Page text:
Senate panel holds hearing on DOC investigation

By RACHEL LA CORTE, Associated Press
Published: February 22, 2016, 12:00pm

OLYMPIA — A Senate panel moved into the next stage of its inquiry into the erroneous early release of prisoners in the state, releasing thousands of pages of documents and hearing directly from Department of Corrections’ employees Monday about a software coding error that went unnoticed for years.

The hearing came after a news conference where Republican Sens. Mike Padden and Steve O’Ban released documents gained by subpoena as part of the panel’s probe. The documents included emails from the state Department of Corrections related to the error at the agency that led to the early release of up to 3,200 prisoners since 2002 because of miscalculated sentences. At least two deaths have been tied to the early releases.

The Senate Law and Justice Committee heard testimony from four people: two DOC employees, an assistant attorney general who offered legal advice to the agency once it learned of the error, and the father of a victim who notified the agency of the error in December 2012. When the family of Matthew Mirante learned of the imminent release of a prisoner who was serving time for stabbing him, it did its own calculations and found Curtis Robinson was being credited with too much time.

Matthew Mirante Sr. told the committee he got a letter from the Department of Corrections in December 2012 that showed a date of release for Robinson was 45 days earlier than it should have been.

“I wanted him there obviously for every day he was supposed to be there, because it wasn’t long enough for me anyway,” Mirante said. Mirante said after he followed up, he was told he was right and the release was corrected.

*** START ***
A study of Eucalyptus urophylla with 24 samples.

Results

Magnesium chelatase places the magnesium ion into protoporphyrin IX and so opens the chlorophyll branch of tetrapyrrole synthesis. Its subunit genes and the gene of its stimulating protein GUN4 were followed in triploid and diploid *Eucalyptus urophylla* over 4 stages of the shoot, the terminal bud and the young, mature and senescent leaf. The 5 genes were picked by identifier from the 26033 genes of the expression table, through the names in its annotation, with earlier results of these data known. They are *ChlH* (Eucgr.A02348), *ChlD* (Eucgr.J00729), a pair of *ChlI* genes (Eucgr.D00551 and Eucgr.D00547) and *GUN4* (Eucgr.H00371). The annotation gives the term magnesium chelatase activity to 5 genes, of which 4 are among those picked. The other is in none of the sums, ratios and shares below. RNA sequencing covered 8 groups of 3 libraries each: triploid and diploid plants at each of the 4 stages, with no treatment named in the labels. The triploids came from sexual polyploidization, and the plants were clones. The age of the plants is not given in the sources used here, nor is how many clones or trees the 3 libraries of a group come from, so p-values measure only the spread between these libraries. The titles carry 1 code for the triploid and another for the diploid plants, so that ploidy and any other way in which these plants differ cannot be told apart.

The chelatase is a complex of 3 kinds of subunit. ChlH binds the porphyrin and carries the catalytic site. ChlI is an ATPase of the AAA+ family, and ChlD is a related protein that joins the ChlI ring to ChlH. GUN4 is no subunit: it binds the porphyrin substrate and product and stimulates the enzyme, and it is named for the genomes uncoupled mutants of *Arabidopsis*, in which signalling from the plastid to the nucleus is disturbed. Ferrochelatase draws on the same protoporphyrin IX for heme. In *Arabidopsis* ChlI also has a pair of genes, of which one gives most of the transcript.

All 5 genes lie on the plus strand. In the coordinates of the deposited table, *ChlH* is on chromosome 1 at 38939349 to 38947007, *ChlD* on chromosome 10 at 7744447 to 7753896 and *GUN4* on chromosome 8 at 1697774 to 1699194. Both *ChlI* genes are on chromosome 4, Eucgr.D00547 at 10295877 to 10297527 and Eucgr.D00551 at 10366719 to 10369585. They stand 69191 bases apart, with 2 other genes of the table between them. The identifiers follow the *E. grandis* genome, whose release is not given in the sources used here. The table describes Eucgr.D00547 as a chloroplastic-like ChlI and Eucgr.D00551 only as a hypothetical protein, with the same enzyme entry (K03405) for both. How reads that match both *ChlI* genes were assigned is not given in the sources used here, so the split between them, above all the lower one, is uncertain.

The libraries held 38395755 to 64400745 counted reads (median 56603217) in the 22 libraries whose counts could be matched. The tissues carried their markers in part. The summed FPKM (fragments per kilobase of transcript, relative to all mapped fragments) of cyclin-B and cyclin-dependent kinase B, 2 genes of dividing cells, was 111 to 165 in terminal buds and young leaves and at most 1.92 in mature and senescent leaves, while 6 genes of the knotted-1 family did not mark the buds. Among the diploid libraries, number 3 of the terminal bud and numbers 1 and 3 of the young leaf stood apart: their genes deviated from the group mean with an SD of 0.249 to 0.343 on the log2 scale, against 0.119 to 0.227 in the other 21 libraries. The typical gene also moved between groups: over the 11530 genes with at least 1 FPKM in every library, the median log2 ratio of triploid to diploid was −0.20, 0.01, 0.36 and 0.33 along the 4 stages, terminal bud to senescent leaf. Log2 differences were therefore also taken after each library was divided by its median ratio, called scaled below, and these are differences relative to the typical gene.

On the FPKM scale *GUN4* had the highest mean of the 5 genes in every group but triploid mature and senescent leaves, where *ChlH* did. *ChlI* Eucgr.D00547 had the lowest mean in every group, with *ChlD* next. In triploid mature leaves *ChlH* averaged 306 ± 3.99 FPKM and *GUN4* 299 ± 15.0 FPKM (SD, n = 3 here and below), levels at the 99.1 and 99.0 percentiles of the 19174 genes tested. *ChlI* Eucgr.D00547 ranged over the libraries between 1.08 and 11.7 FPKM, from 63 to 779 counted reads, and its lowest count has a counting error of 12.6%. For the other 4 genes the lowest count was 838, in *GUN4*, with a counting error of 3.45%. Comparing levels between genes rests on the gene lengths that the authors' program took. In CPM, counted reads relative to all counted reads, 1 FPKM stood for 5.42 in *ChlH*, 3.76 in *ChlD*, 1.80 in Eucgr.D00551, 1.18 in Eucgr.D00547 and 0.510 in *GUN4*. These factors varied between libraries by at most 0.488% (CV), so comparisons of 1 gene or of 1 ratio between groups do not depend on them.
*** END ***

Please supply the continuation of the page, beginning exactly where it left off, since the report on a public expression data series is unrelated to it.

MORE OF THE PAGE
The committee then heard from a panel of three women who dealt at one point with the discovery of the error: Wendy Stigall, the records program administrator for DOC, Sue Schuler, an IT specialist for the agency, and Ronda Larson, the assistant attorney general who advised the corrections department on what to do once the mistake was flagged by Mirante.

O’Ban noted Stigall rated the fix request be done “asap” in an email, yet was aware that it wasn’t fixed for the following three years.

“Did you at some point flag this or bring it to the attention of anyone that it wasn’t getting done?” he asked

“We had the IT process so I thought they knew,” she said. “I notified my supervisor to begin with and other staff and then we had the process, and I thought the whole time someone was setting that priority.”

The coding fix was ultimately delayed 16 times, and the governor has said he didn’t learn of the issue until December 2015. The software fix was implemented last month.

After the hearing, O’Ban said it was “unconscionable” there wasn’t a group tasked with prioritizing such issues.

Larson, who was consulted in December 2012 by Stigall, wrote at the time that from a “risk management perspective,” a recalculation by hand wasn’t necessary because a software reprogramming fix would take care of the issue.

Larson told the committee Monday that she regretted that advice, but said she had believed the fix would take “two months or less.”